The Saga of Cleaning NES Consoles

This guest post is by Greg Philbrook, the Instructional and Technical Specialist for the Creative Media & Digital Culture program at Washington State University Vancouver. He also serves as the tech guru for the Electronic Literature Lab and oversees our Games Library. –Dene Grigar


Locating the 10NES lockout chip.

Summer is a great time for taking inventory, and the ELL game library is no exception! We recently received some NES consoles as donations. Upon inspection, however, all three were giving a dreaded red blinking light, typically indicating that their lockout chips had failed. The lockout chips (meant to stop reproduction games from playing) are notorious for going bad over time. They send a signal that says “this game isn’t licensed!” even though the game is official. So, one of the solutions is to break the fourth pin on the chip, which is the pin that sends the said signal. No signal, no fussy NES. 🙂

Removing the fourth pin from the lockout chip.

There are less destructive methods of removing the pin, of course. I could have unsoldered the chip, bent the pin back, and soldered it back onto the board. I wasn’t concerned with ever turning that chip back on, though. Aside from demonstrating the lockout chip’s  Plus, it means we can load Famicom games if we so please. No complaints there!


Pins before and after paper clip adjustment.

However, only one of the machines was working at this point. After some testing, I found that the others had faulty 72-pin connectors as well, which is the connector used to read the NES cartridges. Just like the lockout chip, the 72-pin connector in the original NES is also doomed to break down pretty quickly due to the inherent design flaw of the loading tray in the console. A quick look at the connectors revealed that the pins were indeed bent out of alignment. The first restoration method I tried was rudimentary: I just took a paperclip and bent the pins up one at a time. You can see the pins before and after I bent them in the accompanying photo. While I definitely made some headway, it wasn’t enough. The game carts still weren’t reading in those two consoles.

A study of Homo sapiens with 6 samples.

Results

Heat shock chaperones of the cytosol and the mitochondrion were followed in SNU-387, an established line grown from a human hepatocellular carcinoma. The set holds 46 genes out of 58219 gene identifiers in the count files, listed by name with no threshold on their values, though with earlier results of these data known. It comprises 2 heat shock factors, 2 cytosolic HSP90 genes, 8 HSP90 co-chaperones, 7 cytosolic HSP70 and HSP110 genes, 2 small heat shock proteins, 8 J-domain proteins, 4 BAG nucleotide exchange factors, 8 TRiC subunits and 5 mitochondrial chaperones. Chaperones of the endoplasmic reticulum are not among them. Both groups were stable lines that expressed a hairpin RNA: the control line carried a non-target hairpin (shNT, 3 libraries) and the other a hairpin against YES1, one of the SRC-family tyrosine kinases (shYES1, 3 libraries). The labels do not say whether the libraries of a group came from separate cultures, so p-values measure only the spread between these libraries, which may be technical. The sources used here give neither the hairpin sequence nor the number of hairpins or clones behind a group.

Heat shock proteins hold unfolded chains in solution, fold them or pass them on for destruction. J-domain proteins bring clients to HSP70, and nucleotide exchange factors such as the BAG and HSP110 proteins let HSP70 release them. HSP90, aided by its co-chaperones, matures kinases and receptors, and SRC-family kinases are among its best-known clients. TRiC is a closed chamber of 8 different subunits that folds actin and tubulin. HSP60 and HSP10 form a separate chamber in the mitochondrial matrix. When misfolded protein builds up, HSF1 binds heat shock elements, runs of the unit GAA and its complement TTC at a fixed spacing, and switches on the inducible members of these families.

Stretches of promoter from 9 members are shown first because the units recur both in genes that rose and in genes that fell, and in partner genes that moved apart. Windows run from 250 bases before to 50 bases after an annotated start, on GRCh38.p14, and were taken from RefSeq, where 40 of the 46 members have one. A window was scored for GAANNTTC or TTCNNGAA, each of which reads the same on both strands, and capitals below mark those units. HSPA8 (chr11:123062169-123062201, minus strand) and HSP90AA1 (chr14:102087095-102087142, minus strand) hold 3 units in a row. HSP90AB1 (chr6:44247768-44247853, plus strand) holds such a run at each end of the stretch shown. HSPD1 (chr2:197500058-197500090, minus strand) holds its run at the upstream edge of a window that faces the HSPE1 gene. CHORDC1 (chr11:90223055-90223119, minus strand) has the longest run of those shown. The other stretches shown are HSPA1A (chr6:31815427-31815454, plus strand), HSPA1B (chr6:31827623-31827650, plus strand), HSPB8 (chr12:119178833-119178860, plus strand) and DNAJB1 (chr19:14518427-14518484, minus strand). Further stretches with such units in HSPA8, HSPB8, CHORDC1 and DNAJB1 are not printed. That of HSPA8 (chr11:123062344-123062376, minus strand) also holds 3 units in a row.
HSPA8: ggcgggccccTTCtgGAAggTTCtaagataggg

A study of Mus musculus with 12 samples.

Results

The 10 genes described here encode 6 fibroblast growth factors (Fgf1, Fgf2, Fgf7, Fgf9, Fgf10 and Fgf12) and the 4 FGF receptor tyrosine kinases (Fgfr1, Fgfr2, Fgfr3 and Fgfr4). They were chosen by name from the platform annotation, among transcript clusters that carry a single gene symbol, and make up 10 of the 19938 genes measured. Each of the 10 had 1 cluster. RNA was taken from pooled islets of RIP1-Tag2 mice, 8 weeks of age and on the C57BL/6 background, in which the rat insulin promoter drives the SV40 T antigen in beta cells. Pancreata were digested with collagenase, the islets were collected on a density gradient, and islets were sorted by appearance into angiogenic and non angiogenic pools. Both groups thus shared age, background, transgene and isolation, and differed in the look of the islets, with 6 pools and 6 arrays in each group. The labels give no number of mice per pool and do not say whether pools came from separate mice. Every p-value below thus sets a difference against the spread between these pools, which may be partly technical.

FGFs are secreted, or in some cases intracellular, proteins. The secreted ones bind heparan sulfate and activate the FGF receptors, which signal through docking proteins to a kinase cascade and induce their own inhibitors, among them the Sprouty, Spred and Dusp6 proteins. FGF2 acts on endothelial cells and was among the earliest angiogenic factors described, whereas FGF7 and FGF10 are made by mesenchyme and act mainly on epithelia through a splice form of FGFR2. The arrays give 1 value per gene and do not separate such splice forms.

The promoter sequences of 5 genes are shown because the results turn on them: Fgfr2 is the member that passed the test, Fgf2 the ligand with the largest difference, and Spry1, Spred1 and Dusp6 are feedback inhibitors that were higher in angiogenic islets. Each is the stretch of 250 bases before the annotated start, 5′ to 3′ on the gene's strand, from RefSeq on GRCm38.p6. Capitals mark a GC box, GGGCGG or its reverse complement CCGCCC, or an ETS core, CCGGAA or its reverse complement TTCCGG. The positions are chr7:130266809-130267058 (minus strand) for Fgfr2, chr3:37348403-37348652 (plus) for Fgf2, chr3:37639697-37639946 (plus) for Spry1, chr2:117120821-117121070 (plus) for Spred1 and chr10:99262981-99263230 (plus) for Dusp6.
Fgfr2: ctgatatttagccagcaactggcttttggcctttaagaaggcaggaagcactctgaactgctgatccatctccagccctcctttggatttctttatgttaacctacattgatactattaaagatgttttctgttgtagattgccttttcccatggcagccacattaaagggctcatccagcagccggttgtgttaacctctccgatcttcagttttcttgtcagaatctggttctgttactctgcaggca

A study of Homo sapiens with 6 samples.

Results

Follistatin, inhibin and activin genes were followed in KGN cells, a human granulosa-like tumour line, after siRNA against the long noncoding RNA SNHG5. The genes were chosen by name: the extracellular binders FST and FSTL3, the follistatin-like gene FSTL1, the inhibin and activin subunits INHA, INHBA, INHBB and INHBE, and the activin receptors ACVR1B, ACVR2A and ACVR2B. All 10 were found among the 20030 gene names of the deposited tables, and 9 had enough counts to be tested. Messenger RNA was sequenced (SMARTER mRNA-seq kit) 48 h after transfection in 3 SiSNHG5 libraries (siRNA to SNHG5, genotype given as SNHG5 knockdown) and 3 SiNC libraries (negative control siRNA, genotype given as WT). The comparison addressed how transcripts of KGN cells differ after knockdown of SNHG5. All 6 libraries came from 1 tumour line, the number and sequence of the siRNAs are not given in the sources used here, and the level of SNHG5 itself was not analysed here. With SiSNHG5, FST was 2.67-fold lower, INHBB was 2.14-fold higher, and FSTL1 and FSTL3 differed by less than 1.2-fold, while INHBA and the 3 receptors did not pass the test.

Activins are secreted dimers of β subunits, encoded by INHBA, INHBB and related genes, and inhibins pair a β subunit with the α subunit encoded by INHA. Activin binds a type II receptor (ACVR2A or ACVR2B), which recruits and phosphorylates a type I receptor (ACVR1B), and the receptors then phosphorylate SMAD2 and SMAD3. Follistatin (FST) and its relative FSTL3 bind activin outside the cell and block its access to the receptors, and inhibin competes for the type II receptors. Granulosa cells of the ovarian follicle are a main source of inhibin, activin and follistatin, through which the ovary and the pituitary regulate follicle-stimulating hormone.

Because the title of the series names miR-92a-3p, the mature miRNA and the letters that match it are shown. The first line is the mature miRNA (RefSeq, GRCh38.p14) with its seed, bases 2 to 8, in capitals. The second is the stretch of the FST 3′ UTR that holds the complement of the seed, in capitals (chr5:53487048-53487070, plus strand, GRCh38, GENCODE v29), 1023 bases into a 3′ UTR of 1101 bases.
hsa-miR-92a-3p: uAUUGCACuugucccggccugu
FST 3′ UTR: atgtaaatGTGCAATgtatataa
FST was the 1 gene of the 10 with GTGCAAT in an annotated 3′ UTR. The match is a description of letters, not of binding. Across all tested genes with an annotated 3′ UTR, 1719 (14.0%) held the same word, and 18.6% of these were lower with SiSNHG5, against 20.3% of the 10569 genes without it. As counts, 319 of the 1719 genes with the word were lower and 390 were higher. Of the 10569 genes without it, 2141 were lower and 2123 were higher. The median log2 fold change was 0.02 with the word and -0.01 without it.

Boiling the 72-pin connector.

So, I decided to use a less conventional method. Boiling some distilled water, I threw the pin connectors into a pot and cooked them for about five minutes. Doing so breaks up the dirt and oil and builds up over time on the pieces, and also relaxes the metal pins quite well. I’ve seen guides that say to cook the connector for longer, but five minutes worked just fine for both of my patients. It’s also quite fun to stir it a little. I wouldn’t recommend serving it to your guests, though.


Straightening the pins between boiling sessions.

After boiling the connectors, I took an NES cart and slotted it in and out to straighten the pins. I did this about 15 to 20 times per connector, just to make sure that the pins were straightening correctly. Since the connectors were still slightly damp at this point, I made sure to use a cart that I have several copies of, just in case something happened. I doubt that I’ll lose any sleep if I break my backup copy of Demon Sword.

The NES machines after cleaning.

After that, I put the connectors back into the pot and boiled them again for another five minutes or so. I had never attempted this method before, but I have to say that I was pleasantly surprised by the results. One of the connectors had to be thrown back into the pot for a third session, but there were no hiccups otherwise. Hooked up an old CRT and gave it a go – flawless! All three machines are rarin’ to go once more.

While I was at it, too, I decided to deep clean our carts. A handful of them were reading poorly, and some couldn’t get a signal, despite the recent operations on the three machines. Most of the time, a quick once over with a cotton swab and rubbing alcohol is enough to fix any read issues, but a handful of them were being stubborn. Nothing that a Friday afternoon and some patience couldn’t fix!

Opening and deep cleaning NES carts.

These are just a couple of the most common problems affiliated with a malfunctioning NES console. Thankfully, our machines didn’t have any problem worse than those. Now, onto the recent Genesis donation!

Greg Philbrook is the Instructional and Support Technician for the Creative Media & Digital Culture program at Washington State University Vancouver. That's a long title, though, so just call him the tech support!